Today is Memorial Day. The purpose behind this is to remember those who have died while serving in the armed forces. There are several accounts regarding the history of this holiday, as several cities and towns lay claim to its origins. As well, there are other divisions along the lines of gender, race and – of course – whether or not you were living in the north or the south during and after the civil war. In fact, you can find a thoroughly fleshed out article on the history of Memorial Day on Wikipedia.
Unbelievers Not Included…?
I chose my opening quote very deliberately. It was uttered by Sgt. Justin Griffith, a friend, solider and one of the champions for equality within a very religiously biased US Armed Services and the founder of Rock Beyond Belief. Justin, and those like him, have been fighting for years for non-believing soldiers to be recognized among not only the Brass, not just their fellow service men and women, but also by the general public. It’s been an uphill battle, considering that Memorial Day is, according to the US Government, a religious holiday.
In 1950, Congress approved a joint resolution (36 U.S.C. 116) that requests the President to issue a “proclamation calling on the people of the United States to observe each Memorial Day as a day of prayer for permanent peace and designating a period on that day when the people of the United States might unite in prayer.”
This code was updated on May 26, 2000 (65 Fed. Reg. 34907), and specifically reads the following regarding Memorial Day:
(a) Designation. – The last Monday in May is Memorial Day.
(b) Proclamation. – The President is requested to issue each year a proclamation –
(1) calling on the people of the United States to observe Memorial Day by praying, according to their individual religious faith, for permanent peace;
(2) designating a period of time on Memorial Day during which the people may unite in prayer for a permanent peace;
(3) calling on the people of the United States to unite in prayer at that time; and
(4) calling on the media to join in observing Memorial Day and the period of prayer.
All Or None…
In May of 2000, President Bill Clinton issued a memorandum titled “National Moment of Remembrance.” This memorandum asked for all Americans “To voluntarily and informally observe in their own way a Moment of remembrance and respect, pausing from whatever they are doing for a moment of silence or listening to ‘Taps.” This I have no problem with, whatsoever. It is non-sectarian and does not require anything other than an individual choose whatever they deem appropriate to remember our fallen soldiers. Memorial Day should be a day commemorating the memory of ALL of those who have died in our nation’s service, including soldiers and service members who were not part of a church or any other religious organization.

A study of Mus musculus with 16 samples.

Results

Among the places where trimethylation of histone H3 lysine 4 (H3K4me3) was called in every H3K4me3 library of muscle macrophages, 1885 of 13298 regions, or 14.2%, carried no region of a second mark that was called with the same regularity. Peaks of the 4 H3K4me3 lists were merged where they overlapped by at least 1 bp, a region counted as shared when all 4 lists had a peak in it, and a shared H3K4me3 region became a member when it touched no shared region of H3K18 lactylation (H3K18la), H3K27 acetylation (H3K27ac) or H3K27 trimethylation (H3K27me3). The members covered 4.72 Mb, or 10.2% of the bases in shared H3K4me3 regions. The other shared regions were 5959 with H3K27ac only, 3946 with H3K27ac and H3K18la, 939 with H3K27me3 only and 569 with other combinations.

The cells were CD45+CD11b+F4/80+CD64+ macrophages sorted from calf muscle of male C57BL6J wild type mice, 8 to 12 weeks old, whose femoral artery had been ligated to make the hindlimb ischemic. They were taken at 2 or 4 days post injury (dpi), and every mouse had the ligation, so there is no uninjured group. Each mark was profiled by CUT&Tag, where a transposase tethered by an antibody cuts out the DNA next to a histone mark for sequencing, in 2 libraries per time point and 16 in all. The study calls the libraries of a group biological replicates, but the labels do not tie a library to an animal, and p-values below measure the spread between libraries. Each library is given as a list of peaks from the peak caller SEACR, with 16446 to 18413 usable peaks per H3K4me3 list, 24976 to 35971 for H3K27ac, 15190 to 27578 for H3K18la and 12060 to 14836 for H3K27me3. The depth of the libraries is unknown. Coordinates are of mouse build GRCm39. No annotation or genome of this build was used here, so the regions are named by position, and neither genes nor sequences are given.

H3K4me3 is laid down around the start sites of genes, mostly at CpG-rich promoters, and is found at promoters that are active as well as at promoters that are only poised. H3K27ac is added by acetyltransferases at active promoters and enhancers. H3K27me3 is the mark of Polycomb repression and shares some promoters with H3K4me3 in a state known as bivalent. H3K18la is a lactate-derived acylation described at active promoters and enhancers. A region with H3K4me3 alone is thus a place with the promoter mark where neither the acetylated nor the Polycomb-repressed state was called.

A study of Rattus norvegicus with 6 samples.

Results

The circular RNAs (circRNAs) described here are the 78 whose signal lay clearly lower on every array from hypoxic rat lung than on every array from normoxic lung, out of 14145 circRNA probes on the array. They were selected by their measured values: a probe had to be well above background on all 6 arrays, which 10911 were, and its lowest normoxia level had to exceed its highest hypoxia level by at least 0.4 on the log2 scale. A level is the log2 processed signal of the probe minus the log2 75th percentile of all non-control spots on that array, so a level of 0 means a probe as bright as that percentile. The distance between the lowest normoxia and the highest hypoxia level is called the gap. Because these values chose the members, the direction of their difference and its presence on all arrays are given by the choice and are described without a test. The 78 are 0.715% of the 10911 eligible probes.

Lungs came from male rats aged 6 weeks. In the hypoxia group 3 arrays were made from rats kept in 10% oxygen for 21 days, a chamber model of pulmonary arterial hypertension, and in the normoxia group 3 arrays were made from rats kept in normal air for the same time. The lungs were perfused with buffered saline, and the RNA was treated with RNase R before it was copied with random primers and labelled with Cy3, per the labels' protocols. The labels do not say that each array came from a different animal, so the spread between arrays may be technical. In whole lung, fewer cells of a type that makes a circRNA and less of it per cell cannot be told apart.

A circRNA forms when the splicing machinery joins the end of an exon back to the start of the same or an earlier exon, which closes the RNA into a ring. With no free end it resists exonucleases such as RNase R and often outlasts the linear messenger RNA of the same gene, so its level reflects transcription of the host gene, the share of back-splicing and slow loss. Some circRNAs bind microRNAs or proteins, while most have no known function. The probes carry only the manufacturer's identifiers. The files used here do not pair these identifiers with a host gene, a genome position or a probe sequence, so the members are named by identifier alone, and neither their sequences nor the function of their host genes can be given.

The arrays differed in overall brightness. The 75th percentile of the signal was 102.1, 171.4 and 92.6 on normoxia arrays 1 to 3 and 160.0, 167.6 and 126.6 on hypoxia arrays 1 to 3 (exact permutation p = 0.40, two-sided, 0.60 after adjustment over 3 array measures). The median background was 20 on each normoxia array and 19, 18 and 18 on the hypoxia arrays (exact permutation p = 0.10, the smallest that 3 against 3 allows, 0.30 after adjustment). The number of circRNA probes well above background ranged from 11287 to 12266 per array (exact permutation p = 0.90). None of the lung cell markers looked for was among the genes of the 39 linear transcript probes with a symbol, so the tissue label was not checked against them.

So, in 1950 the Congress approves a resolution asking the President to make an official proclamation that includes prayer. In the middle of the year 2000, Bill Clinton issues a memorandum stating that a moment of remembrance and respect is more appropriate. By the end of the year 2000, the 106th Congress managed to bastardize Clinton’s memorandum by including it in 36 USC 116 by passing Public Law 579.106. Thus, the part of 36 USC that was designated to address memorial day was now known as “National Moment of Remembrance Act,” but still includes the original proclamation from 1950, calling for the President to ask for the prayers of the entirety of the United States citizenry, whether or not they believe in God.
Separate, Not Equal…
I feel like we’ve been hoodwinked. I also realize that this is not a Republican vs. Democrat issue. Clinton’s idea of a non-sectarian Memorial Day was exemplary, but the “We’re a Christian Nation” crowd on Capital Hill made sure that the official Memorial Day Presidential Proclamation remains unchanged – regardless of whose party has command of the Oval Office. Here’s the one from George Bush:
“NOW, THEREFORE, I, GEORGE W. BUSH, President of the United States of America, do hereby proclaim Memorial Day, May 29, 2006, as a day of prayer for permanent peace, and I designate the hour beginning in each locality at 11:00 a.m. of that day as a time to unite in prayer. I also ask all Americans to observe the National Moment of Remembrance beginning at 3 p.m., local time, on Memorial Day.”
And here’s the one from Barack Obama:
“NOW, THEREFORE, I, BARACK OBAMA, President of the United States of America, do hereby proclaim Memorial Day, May 28, 2012, as a day of prayer for permanent peace, and I designate the hour beginning in each locality at 11:00 a.m. of that day as a time to unite in prayer. I also ask all Americans to observe the National Moment of Remembrance beginning at 3:00 p.m. local time on Memorial Day.”
See the difference? Of course you don’t, because there is none…
The observance of Memorial day should reflect the principles behind Clinton’s non-sectarian memorandum. America has never been a Christian nation and the fact that our soldiers have died to protect the Constitution, a document which demands the separation of church and state, is a travesty to me. Memorial Day should serve as a reminder that the United States was founded on freedom and liberty, and it is because of these principles that we fight so ardently to protect our status as a free nation.
The United States was not founded on Christian or Biblical principles and the founding fathers were not all Christians. We are and must remain, at all costs, a free nation and that wall of separation must be defended. As Americans, we must continue to uphold the principles of individual freedom that our country was founded upon and on this day, remember those who have lost their lives to protect those freedoms.